The majority of last month I was busy with commercial fused glass orders so those processes and fused glass pieces monopolized the majority of my newsletter blogs. I got a short break from commercial orders and I’ve actually been enjoying my big kiln for over a week. Wow have I had some fun fusing, it was difficult to choose which fused glass type I’d focus on for this blog.
Albeit since Valentine’s Day is right around the corner I thought I’d do my heart mold of the month.
This mold is actually a stainless steel heart former. I bought it from a wonderful fused glass artist / potter Laurie Spray. She has these steel forms made specifically for them. I must tell you I’ve used other stainless steel forms and they just don’t come close to Laurie’s forms. Hers are much thicker and more stable. If you are a fused glass artist I could not recommend a better stainless steel forms. *No Laurie doesn’t pay me for saying that. I just believe in her stainless steel molds.
I’ve mentioned several times how I love to learn. Most artists that create molds, formers, etc., also write tutorials on how to use those products. I personally think that’s a great thing. Yes it encourages us to use their products but it also takes out some of the guesswork. Laurie is no exception; she has several tutorials on her site on how to use her forms and molds. She has some cool molds so you will probably see me feature one of her molds in my monthly mold blog.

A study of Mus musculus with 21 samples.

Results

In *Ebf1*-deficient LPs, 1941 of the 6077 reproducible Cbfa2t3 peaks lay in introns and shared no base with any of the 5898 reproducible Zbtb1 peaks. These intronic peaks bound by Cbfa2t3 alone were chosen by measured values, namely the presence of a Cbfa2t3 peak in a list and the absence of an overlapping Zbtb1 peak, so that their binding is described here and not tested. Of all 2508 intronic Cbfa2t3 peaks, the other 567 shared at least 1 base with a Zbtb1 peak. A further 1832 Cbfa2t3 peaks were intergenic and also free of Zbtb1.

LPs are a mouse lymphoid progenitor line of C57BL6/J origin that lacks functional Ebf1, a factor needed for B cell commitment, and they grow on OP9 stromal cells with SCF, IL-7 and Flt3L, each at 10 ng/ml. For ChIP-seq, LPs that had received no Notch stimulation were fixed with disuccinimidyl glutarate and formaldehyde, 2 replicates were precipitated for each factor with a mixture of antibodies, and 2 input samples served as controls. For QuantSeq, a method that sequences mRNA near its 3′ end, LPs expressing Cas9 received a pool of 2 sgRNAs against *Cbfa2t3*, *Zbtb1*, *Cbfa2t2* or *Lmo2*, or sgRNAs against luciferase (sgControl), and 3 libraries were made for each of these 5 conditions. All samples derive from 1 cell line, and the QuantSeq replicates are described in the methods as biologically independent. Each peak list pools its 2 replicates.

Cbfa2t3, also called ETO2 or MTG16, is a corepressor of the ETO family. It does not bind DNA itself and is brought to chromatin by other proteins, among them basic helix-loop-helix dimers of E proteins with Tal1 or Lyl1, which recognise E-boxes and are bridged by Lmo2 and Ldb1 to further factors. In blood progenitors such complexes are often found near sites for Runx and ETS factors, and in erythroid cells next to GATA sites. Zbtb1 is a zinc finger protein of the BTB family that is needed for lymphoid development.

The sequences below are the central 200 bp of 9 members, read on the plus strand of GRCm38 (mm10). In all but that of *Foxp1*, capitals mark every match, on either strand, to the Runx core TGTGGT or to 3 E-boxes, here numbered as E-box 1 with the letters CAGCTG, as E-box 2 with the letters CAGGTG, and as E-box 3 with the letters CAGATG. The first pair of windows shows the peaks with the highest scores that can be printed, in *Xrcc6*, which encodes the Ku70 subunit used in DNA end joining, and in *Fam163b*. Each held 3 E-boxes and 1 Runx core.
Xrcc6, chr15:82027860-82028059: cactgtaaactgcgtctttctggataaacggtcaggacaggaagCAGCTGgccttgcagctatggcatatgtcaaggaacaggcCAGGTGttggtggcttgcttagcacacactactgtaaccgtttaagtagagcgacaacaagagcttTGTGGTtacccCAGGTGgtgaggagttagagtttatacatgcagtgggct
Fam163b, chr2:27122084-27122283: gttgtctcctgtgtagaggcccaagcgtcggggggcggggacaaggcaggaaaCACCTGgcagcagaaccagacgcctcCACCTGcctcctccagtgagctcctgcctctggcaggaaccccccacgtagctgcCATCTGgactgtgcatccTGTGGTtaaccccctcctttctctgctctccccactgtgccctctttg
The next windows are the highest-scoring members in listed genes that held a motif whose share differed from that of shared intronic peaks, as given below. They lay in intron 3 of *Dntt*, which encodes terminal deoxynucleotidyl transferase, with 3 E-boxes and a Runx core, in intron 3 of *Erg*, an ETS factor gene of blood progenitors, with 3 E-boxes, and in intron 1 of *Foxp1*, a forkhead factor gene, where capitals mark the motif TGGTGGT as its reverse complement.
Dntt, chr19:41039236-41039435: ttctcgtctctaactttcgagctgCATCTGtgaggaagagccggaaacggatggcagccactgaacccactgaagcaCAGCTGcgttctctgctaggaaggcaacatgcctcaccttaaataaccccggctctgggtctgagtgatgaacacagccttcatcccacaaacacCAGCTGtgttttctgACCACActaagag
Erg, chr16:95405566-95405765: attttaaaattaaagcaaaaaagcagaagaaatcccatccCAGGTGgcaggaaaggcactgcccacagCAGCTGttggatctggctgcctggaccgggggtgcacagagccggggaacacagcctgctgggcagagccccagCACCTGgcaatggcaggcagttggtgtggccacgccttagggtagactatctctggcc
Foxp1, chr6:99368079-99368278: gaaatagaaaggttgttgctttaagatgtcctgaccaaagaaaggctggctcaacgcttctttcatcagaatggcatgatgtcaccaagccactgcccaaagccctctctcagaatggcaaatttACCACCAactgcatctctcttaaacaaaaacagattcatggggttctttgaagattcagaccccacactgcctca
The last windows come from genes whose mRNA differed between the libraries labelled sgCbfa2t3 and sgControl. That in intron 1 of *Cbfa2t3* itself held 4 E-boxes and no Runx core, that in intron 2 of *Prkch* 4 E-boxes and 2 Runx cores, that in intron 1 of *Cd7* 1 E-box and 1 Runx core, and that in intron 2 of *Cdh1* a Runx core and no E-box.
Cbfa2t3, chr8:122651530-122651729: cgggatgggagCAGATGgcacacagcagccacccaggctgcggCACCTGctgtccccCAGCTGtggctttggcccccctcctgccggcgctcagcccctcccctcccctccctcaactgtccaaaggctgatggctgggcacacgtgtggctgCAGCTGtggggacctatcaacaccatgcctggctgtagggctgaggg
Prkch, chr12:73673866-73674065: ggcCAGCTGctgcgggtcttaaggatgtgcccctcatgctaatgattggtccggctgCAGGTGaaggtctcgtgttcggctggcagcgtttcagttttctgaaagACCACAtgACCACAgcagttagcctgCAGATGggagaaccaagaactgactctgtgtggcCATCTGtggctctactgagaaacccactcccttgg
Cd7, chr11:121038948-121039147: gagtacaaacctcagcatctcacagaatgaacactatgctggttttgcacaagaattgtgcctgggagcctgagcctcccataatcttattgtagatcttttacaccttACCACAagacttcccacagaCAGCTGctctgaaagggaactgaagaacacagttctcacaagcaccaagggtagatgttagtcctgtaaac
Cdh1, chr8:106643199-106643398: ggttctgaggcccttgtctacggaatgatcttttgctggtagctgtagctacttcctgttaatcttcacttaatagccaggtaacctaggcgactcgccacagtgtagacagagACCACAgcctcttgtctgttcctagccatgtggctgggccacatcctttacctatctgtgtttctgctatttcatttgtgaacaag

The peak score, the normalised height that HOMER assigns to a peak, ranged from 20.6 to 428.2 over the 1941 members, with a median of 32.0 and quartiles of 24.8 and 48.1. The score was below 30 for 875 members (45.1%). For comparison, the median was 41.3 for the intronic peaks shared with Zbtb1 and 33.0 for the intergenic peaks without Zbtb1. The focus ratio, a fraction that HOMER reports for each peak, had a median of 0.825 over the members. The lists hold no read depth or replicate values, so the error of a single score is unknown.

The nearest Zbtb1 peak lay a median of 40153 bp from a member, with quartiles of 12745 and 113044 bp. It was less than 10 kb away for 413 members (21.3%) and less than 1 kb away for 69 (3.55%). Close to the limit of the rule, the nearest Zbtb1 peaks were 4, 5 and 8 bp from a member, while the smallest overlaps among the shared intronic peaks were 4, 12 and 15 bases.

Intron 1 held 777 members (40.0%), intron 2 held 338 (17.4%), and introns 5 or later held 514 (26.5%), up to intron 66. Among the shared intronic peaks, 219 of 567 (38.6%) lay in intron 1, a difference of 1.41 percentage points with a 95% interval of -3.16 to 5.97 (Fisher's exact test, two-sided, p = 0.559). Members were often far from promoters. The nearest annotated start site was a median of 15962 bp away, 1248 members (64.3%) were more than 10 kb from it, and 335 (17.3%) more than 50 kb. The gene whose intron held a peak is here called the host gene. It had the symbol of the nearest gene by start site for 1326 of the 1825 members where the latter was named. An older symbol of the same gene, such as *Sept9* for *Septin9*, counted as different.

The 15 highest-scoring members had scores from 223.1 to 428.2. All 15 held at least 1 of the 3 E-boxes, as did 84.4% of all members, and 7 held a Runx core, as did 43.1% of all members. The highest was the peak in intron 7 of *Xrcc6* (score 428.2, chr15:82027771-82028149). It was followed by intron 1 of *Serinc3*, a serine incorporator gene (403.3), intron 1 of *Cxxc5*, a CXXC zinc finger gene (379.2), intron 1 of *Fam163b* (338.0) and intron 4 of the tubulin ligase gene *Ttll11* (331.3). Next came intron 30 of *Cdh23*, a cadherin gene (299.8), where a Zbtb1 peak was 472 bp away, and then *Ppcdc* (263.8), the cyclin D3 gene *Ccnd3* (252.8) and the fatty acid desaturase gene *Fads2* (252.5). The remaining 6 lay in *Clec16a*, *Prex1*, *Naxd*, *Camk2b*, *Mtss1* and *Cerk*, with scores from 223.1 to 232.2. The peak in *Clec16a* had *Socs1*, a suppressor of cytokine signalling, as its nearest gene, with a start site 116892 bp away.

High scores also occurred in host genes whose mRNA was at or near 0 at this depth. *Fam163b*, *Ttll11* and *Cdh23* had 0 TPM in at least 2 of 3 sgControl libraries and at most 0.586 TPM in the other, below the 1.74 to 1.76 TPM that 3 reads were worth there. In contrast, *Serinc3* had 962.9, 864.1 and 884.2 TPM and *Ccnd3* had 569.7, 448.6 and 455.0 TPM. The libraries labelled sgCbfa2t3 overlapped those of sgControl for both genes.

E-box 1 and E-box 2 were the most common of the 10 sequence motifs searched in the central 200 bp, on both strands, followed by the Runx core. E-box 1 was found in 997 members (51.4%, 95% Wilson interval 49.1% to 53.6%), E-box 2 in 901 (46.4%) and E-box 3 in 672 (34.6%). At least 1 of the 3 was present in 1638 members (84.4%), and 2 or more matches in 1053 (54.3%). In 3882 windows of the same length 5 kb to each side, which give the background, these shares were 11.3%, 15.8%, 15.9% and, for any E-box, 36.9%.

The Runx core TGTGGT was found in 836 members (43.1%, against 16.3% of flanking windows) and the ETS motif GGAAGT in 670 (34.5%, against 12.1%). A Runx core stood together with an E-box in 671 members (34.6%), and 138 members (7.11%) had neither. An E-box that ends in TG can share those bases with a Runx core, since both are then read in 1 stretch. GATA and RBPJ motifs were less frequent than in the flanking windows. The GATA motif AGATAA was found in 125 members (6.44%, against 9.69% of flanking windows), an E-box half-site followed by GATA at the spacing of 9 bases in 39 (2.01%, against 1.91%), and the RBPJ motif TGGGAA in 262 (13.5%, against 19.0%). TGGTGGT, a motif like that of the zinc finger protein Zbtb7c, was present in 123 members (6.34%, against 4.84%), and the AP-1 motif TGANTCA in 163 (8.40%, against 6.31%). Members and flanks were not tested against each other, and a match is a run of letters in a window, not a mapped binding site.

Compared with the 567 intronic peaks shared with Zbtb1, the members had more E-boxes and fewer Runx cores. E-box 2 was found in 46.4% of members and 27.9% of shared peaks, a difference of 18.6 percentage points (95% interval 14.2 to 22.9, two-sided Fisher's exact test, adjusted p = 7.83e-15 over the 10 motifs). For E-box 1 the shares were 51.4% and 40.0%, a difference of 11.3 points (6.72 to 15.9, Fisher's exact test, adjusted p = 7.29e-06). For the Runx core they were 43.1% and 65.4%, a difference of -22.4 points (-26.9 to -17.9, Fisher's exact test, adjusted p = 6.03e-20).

To be honest I’ve done this fused glass technique before, albeit with Laurie’s heart former and her tutorial I thought I’d do it again. It’s a beautiful fused glass heart dish. To me this fused glass dish looks like a bouquet of roses! This technique has a lot of clear glass but I also put some sheet glass, frit, stringer, enamel, etc,. So I fused the glass in the form at a very high temperature. Laurie’s firing schedule was perfect, because this baby was thick and I’m not used to firing a piece quite so thick.
After it came out it was in pretty good shape so I didn’t have to do much coldworking, albeit I did use the wetbelt sander then I put it back in the kiln for a firepolish. Finally I put it in a nice shallow mold and slumped it. So 3 firings each over 24hrs long; the reason for the long schedule is because the piece is really thick and requires a slow rate going up to the top temperature and a slow reduction in heat to room temperature.
Normally I don’t tell ya’ll how I make a fused glass piece, but I want ya’ll to know how much work goes into a beautiful fused glass art piece. Of course I didn’t tell you how each piece of glass was cut by hand and washed countless times!
Here’s a close up picture of one of my “roses”.
I hope you like this stunning piece!!
If you would like to see more of my fused glass work please refer to my website Elegant Fused Glass by Karen.